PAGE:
My friend told me that you say commiseration is bad. How is respecting someone’s experience bad? I think you might be an idiot.
Thank you for your question and for your review. What I said does sound pretty bad when you look at it that way, so I would be more than happy to clarify my feelings about commiseration.
I’ll begin by saying that I agree with you; respecting someone’s experience is a very important thing to do. But we can do that by honouring their pure presence, as opposed to getting too caught up in the details that have snagged their personal thinking.
When someone needs to simply exhale the impact of the experience, I’m all for taking however long is required to listen to whatever anger or frustration or sadness they need to move through as a part of that life experience. They can even unfairly focus or blame that anger or frustration on me and I’m fine with doing that in loving service. But…
Once we’ve sensed that someone’s gone through that gigantic phase where everything else seems meaningless, and then the inevitable periods of feeling lost and broken, then a tired, plodding sadness.
Then suddenly we are ready to rise again, and those around us will largely sense that.
For some people in some situations, our history, personality, and the circumstances and timing, can mix together like bad chemistry, creating a bad dose of unhealthy self-pity. We all do it in life, just some more than others.
The point here is that —if we truly care about someone— if we truly reach a point where we actually feel the sensation of being irritated by their anger, grief, worry or whatever—then that’s our sign to trust ourselves and to respect our own experience.
If we genuinely don’t want to talk about those issues anymore then we shouldn’t. Otherwise the time with them is false and posed. Rather than compassion, it becomes little more than a cultural obligation when what we want to be motivated by is love.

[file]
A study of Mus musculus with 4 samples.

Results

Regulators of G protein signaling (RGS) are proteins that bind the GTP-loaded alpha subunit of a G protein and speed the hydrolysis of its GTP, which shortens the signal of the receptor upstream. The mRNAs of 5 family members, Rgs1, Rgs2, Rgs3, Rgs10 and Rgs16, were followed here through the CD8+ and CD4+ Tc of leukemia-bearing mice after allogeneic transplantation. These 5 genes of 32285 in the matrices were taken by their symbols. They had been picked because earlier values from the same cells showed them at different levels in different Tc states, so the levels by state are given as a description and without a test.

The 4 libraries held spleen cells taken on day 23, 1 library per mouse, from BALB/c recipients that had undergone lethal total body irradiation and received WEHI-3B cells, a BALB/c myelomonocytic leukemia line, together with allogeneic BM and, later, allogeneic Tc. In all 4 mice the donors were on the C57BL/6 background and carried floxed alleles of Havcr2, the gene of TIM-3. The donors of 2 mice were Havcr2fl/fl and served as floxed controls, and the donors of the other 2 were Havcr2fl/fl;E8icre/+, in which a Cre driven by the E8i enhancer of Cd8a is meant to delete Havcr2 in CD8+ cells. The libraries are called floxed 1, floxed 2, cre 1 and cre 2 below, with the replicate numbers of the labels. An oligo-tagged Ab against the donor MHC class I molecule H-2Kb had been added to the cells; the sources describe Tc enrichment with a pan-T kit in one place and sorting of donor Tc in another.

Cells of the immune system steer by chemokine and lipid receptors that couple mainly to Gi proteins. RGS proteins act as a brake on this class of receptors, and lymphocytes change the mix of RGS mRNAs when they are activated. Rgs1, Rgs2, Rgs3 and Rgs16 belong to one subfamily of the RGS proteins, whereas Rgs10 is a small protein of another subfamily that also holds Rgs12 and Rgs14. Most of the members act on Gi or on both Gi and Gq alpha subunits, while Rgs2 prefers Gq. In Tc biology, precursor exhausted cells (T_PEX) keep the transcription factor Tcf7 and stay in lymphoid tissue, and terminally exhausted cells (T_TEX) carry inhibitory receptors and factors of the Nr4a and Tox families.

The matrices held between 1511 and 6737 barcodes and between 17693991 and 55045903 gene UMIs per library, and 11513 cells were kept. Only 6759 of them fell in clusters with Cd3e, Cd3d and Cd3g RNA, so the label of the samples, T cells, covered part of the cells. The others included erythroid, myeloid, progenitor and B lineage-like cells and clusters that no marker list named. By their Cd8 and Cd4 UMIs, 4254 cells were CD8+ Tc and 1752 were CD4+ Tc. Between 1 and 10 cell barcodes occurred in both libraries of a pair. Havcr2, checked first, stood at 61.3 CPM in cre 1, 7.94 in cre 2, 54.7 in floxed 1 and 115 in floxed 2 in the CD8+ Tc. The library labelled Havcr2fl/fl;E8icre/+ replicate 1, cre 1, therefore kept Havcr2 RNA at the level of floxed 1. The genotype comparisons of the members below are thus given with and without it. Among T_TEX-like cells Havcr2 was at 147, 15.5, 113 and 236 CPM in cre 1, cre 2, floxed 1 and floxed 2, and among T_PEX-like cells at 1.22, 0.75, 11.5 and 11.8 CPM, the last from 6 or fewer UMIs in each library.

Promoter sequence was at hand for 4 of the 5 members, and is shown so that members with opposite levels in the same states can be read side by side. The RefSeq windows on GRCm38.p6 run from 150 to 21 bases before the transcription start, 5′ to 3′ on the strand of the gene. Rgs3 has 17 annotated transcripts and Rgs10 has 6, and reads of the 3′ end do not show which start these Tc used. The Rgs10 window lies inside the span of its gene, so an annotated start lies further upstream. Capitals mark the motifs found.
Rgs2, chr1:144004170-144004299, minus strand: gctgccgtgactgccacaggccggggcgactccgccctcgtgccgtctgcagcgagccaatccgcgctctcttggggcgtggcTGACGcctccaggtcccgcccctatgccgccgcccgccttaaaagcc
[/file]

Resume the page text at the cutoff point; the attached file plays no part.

Commiseration is essentially a churning of time. Something happened and now two or more people are recreating the event for each other and they pass it back and forth in their present Now-time. Again, if the person’s feelings are an exhale of the impact that’s fine, but if it’s just a pointless re-living of things then that’s not doing anyone any good.
As Syd Banks used to say, if someone needs to scream because they burned themselves then that makes sense. But you don’t heal their hand by putting it back in the fire after the fact.
I think where we agree dear letter-writer is that we see value in the connection people share when they express compassion. This is the love that binds the universe together and to be aware of it is to live in a state of clarity. We want to encourage those connections; that sharing; that unity —so I am on your side.
But that state of mind is pre-ego, it’s pre-word, it’s pre-definition. Those connections aren’t achieved with flowery language, our value there is our presence. So we can’t really talk about it, because as soon as we’re talking we’re usually in a state of symbolism and ego.
I’ve written about him at least once before, but there’s a kid –in Chicago I think– that won a columnist’s contest for the most compassionate citizen. His elderly neighbour had died, and the kid’s mom saw her son sitting on the lap of the widower on a lawn chair in his yard, and they were both bawling.
The mother worried about what the young boy might have said or done but, when he returned, she asked him what he had said to the old man to make him cry. The boy explained, “I didn’t say anything. I just helped him cry.”
That kind of connection I’m all for. But I would better describe that as a contextual form of love. Commiseration is more about stories and emotions, love is more about connection and feeling.
If we’re looking for the best possible response for others, we can consider talking less about what happened, and instead let us instead be together, now, in whatever form or shape that naturally takes. I suggest it’ll be more rewarding for all parties involved and it’ll also generate more productive, positive results.
I hope this helps clear up what I suspect was only a semantic difference. Enjoy your day.
A serious childhood brain injury lead Scott to spend his entire life meditating on the concepts of thought, consciousness, reality and identity. It made others as strange to him as he was to them. When he realized people were confused by their own over-thinking, Scott began teaching others to understand reality. He is currently CBC Radio Active’s Wellness Columnist, as well as a writer, speaker and mindfulness instructor based in Edmonton, AB where he still finds it strange to write about himself in the third person.